A Man Escaped (1956)
Robert Bresson's authentic prison-break thriller has inspired generations of filmmakers from Krzysztof Kieślowski to the Safdie Brothers.
En route to a Nazi-run prison, French Resistance fighter Lieutenant Fontaine (played by non-professional actor François Leterrier) makes a failed attempt to escape from his captor’s vehicle. Ensnared again in an instant, he arrives at the prison with an appetite for escape, spending every moment working towards his next attempt.
Considered by many to be Robert Bresson's masterpiece, A Man Escaped is perhaps his first film to truly reflect his vision of cinematic authenticity. Based on the memoirs of real-life escapee André Devigny, the film's attention to detail and accuracy is further instilled by the director's own lived experience in a German-run prison during the Second World War. The film marks cinematographer L.H. Burel's second collaboration with the director after The Diary of a Country Priest (1951). The pair would collaborate on two more films.
A Man Escaped screened in competition at the 10th Cannes Film Festival where Bresson was awarded Best Director.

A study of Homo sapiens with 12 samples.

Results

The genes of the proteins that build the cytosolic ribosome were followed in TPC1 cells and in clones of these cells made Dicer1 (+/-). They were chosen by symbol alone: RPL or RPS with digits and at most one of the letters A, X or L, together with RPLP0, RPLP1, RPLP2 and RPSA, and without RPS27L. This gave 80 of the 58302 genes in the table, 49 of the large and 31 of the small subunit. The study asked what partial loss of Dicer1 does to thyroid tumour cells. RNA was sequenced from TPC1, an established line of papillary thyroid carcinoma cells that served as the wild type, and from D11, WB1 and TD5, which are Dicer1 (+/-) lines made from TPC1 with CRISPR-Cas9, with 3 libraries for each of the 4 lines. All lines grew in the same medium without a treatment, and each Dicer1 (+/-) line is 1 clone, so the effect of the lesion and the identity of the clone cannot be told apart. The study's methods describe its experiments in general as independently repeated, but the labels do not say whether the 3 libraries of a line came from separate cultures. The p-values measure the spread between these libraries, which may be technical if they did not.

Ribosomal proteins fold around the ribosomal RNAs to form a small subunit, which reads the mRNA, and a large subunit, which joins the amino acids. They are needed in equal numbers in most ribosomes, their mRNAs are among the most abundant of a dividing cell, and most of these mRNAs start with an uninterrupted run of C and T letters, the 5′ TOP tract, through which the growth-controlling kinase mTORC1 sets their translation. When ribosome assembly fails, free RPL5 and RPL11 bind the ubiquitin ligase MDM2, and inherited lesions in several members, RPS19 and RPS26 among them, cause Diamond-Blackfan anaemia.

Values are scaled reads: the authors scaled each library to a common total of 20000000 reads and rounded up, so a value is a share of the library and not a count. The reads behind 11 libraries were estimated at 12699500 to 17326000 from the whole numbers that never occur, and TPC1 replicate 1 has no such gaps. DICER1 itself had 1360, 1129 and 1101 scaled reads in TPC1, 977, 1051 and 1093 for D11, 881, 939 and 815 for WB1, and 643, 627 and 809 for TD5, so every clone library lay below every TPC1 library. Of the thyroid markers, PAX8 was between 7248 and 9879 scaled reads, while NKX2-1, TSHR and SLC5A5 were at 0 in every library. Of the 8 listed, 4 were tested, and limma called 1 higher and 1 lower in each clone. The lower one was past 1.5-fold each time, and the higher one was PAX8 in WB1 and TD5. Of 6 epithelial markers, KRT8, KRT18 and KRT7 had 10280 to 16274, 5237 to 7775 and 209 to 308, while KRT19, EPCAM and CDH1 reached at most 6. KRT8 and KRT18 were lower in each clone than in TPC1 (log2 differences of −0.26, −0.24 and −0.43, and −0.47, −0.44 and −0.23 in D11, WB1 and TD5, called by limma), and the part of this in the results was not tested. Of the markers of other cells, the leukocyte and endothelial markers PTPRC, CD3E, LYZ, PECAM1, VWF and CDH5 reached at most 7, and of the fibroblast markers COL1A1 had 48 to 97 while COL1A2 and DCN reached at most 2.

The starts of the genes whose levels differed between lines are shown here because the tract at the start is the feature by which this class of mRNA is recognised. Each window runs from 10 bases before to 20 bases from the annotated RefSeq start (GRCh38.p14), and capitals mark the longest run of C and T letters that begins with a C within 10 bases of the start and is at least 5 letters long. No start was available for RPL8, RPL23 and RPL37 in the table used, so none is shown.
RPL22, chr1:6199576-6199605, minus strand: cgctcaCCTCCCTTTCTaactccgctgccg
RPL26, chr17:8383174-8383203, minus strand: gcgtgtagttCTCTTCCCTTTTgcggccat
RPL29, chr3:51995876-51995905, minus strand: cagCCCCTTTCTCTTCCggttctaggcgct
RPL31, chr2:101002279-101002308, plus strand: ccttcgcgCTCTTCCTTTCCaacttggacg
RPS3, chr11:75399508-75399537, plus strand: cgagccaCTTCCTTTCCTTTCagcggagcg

The paths of two enigmatic strangers intersect in the shadow of New Zealand's breath-taking Southern Alps.
Jack (Kieran Charnock), a young man on parole for grievous bodily harm, withdraws into a cabin precariously close to the scene of his crime. Locked away in a prison of his own making, he encounters Grace who is wandering from abandoned house to abandoned house seeking refuge. Played by the captivating Arta Dobroshi, star of the Dardenne brothers’ Lorna’s Silence (2008), Grace’s own private struggles linger beneath her attraction to Jack. These enigmatic strangers drift into a relationship that promises to either mend or destroy them.
Dustin Feneley's debut feature nestles into the side of New Zealand's stunning Southern Alps. A collaboration with cinematographer Ari Wegner, Stray marks her first time capturing the beauty of the South Island landscape – a region she would return to for Jane Campion’s The Power of the Dog (2021).
In a film of dichotomies, opposing threads are woven throughout – hot and cold, snow and fire, isolation and intimacy – each beautifully articulated by Wegner's masterful use of light and tonal palettes.
It is an iceberg of a film – what appears above the surface barely scratches at the behemoth of emotion lurking within.